Turkey's creative students displaying projects
The high school students’ projects will be evaluated by a jury comprised of academics from ITU, Yıldız Technical University and Istanbul University.
The exhibition of the Scientific and Technical Research Council of Turkey (TÜBİTAK) 43rd High School Student Research Project European-Region Competition opened on March 13 at the Süleyman Demirel Culture Center at Istanbul Technical University’s (ITU) Ayazağa Campus. ITU is the European-region coordinator for the event.
The exhibition displays many student projects from solar panels to organic foods and from laser technologies to nano tools.
In the competition, in which a total of 474 projects have been entered, 114 projects on computer science, biology, geography, physics, chemistry, mathematics, sociology and history topics were selected for the exhibition.
The projects, which will be on display at ITU for three days, will be evaluated by a jury comprised of academics from ITU, Yıldız Technical University and Istanbul University. The regional competition will end with the announcement of the winning projects on March 23.
Speaking to Anatolia news agency, the coordinator, Prof. İbrahim Özkol said the competition had started at the same time in 12 regions in Turkey and the Istanbul segment had two legs; Europe and Asia.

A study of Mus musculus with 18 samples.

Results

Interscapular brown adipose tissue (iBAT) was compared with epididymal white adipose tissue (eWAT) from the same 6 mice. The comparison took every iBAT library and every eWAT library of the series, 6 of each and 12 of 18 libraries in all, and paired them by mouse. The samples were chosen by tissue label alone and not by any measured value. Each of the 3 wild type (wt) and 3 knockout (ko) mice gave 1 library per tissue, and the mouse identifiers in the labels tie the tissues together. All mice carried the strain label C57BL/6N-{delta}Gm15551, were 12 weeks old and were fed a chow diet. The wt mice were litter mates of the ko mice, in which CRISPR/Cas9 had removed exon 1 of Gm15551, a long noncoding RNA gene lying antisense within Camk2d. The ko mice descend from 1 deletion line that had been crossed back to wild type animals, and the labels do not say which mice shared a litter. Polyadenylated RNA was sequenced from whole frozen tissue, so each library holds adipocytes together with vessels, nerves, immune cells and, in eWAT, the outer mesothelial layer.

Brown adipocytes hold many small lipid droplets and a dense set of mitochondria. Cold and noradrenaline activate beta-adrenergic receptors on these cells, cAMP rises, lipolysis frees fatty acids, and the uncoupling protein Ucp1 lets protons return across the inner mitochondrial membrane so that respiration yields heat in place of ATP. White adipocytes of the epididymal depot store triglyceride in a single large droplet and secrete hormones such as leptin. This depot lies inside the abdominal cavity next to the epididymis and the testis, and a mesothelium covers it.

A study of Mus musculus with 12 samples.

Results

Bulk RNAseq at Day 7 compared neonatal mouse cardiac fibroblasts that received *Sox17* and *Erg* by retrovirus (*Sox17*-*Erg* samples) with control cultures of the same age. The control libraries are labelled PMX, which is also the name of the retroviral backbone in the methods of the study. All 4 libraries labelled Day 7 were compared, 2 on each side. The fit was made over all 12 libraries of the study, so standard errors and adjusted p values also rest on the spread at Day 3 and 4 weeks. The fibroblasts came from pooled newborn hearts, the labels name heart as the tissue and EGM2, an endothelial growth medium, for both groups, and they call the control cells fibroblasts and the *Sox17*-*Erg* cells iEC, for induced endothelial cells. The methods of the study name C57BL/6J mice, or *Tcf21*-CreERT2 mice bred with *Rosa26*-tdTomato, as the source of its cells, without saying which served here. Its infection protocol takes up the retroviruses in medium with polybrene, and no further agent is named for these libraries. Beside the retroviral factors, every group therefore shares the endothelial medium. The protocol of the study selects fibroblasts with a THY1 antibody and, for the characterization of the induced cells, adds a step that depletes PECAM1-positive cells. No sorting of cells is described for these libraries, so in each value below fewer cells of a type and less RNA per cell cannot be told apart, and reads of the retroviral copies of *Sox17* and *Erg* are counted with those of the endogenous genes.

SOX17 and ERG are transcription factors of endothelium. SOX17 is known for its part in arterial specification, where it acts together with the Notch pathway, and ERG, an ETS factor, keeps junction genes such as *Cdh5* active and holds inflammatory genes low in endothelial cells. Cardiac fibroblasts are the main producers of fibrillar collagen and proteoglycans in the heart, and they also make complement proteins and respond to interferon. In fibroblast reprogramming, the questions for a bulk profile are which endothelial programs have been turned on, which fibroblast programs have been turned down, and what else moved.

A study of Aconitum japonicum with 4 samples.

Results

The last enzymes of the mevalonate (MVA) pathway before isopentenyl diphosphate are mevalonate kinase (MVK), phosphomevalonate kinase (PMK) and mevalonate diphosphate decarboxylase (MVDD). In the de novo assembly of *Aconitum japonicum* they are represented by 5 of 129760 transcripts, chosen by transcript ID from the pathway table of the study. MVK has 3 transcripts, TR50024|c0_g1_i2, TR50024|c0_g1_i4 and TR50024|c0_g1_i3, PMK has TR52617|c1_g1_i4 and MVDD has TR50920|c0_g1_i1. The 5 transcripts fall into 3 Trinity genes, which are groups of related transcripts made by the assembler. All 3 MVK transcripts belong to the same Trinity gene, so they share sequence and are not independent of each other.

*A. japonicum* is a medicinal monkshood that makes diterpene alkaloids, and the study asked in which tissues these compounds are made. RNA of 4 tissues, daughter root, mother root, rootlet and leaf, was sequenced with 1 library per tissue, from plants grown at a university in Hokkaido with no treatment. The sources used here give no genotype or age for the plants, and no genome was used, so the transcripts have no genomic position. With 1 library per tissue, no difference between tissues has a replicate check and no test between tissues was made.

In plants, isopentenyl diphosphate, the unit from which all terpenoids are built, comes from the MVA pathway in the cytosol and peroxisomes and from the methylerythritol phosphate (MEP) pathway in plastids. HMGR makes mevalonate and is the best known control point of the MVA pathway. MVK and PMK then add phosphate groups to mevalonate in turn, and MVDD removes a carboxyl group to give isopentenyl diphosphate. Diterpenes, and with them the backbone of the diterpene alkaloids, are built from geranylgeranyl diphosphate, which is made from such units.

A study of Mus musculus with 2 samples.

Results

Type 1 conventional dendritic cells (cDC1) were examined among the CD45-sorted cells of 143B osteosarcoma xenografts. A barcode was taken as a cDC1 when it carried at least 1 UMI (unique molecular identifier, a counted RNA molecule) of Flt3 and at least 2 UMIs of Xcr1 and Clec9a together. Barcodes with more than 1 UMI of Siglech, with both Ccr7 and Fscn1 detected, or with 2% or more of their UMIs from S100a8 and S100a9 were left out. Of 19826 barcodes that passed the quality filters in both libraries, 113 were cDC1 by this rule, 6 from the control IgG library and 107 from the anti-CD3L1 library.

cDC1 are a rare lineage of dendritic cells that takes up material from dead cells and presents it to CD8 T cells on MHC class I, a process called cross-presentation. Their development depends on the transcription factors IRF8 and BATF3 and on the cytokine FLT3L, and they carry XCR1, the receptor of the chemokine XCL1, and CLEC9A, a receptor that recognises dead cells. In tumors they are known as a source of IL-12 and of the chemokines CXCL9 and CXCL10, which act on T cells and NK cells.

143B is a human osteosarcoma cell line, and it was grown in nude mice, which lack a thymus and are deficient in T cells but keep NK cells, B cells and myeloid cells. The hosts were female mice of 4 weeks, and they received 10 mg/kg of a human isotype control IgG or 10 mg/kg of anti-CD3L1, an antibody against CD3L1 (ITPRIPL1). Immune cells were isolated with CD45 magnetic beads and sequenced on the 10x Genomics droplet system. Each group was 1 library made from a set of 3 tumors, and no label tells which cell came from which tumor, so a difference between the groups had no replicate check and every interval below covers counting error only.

“The jury will evaluate the 114 projects and choose 20 winners and 18 first and second runners-up. These selected projects will compete again in Ankara and the [national] winners will be determined,” he added.
Among the notable projects in the exhibition are the “magnetic-resonant bee earphone,” “laser defense and attack systems,” “ball bearing earthquake kit,” “antibacterial cleaning with clover,” “the effects of water in plastic bottles under the sun on cells,” “ground- and building-strengthening project with miracle bacteria,” and “the role of the public in the establishment of nuclear power plants in Turkey.”
Edirne Keşan Anatolian Health Schools students Betül Büdün and Melek Danacı’s project “magnetic-resonant bee earphone” offers the treatment of tinnitus using sound frequencies of bees.
The earphone developed by the two students blocks tinnitus in the auditory system. Thanks to its remedial effect on nerve fibers in the ear, tinnitus can be completely treated in some patients.
Büdün said bees could hear sounds from as far as six kilometers away. “We have determined that tinnitus is a problem for bees, too, and realized that they resisted it. We put bees in this magnetic-resonant earphone and saw that they created a sound frequency at a maximum level against tinnitus in the earphone. They repressed this sound by sending frequencies and removed tinnitus.”
Among the other projects, Edirne Süleyman Demirel High School student Enes Bilgin’s project, named “Eyes don’t lie,” examines the reflection of human psychology in eye movements.
Bilgin said he experimented on 82 people at his school using an eyeglass with a camera, and followed people’s eye movements when answering some questions. “I recorded the eye movements and got statistical data. We found that women’s thoughts are more reflected in their eyes,” he said.
Another interesting project by Bircan Kasap and Kübra Kar from Rize suggests that the aromatic grape grown in alder trees is tastier than other kinds of grapes and can also treat cancer.